Rape

The word rape connotes sexual intercourse, or penetration, by force — without consent.  In Minnesota, the word rape itself does not appear in Minnesota’s Criminal Sexual Conduct Crime Statutes (though it does appear in other Minnesota Statutes).  This illustrates that Minnesota’s Criminal Sexual Conduct Crime Statutes, though they do include this crime, mostly do not relate to the crime of rape.  These sex crime laws are broader.

Rape cases are a small fraction of all sex crime cases prosecuted in Minnesota.  Most do not involve force.  Most do not allege a lack of actual consent.  (The laws assert that most under 16 are legally stripped of their right to consent.)

DNA frees convictRape allegations, like other kinds, may be true or they may be false.  The purpose of investigation of rape allegations by the government and by the defense is to uncover facts that may tend to support or contradict those claims.  The purpose of the court’s pretrial criminal procedure and trial is to determine whether reliable evidence exists which can eliminate every doubt about rape claims.   Because rape accusations are shocking, false allegations are sometimes made.  All the people involved in the legal process have a special responsibility to maintain a skeptical attitude about accusations, and test the evidence for any non-criminal inferences that can be made.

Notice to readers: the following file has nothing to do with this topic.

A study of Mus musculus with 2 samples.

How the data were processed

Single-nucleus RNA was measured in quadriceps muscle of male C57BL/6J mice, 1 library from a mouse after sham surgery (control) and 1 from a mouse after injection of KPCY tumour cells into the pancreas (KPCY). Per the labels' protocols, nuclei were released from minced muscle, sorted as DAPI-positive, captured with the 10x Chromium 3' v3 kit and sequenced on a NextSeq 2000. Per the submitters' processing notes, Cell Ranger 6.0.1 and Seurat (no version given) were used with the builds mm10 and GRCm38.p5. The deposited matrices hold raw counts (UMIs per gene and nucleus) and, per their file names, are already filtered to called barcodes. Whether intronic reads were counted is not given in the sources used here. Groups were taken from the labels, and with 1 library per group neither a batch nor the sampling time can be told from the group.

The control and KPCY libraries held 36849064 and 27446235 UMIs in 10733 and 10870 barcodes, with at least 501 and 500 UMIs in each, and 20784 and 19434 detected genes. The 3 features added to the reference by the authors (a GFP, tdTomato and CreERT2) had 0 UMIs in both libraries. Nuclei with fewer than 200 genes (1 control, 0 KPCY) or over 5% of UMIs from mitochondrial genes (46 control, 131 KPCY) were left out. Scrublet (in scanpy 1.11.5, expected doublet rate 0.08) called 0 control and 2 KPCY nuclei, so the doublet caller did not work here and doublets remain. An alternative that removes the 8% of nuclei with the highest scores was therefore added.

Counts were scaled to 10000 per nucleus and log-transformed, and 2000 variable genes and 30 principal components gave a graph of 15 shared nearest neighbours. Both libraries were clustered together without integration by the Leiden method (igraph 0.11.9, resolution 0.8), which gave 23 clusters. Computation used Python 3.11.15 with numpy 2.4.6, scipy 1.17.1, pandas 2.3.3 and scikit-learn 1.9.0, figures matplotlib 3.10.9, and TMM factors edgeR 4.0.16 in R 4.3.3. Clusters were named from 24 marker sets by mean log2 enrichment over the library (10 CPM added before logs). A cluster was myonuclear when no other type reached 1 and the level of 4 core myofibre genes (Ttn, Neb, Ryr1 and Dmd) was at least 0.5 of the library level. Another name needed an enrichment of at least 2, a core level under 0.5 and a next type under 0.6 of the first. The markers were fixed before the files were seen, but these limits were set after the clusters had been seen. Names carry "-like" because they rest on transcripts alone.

When is the best time to get a lawyer involved?
Many times the target of an accusation becomes aware of the claim before police begin an investigation.  That is the best time to retain an experienced rape defense lawyer for pre-charge counsel.  The earlier a good sex crimes defense attorney is retained, the better protected the accused will be from an unjust, false accusation.

Questions?  Call Rape Defense Attorney Thomas C. Gallagher at (612) 333-1500.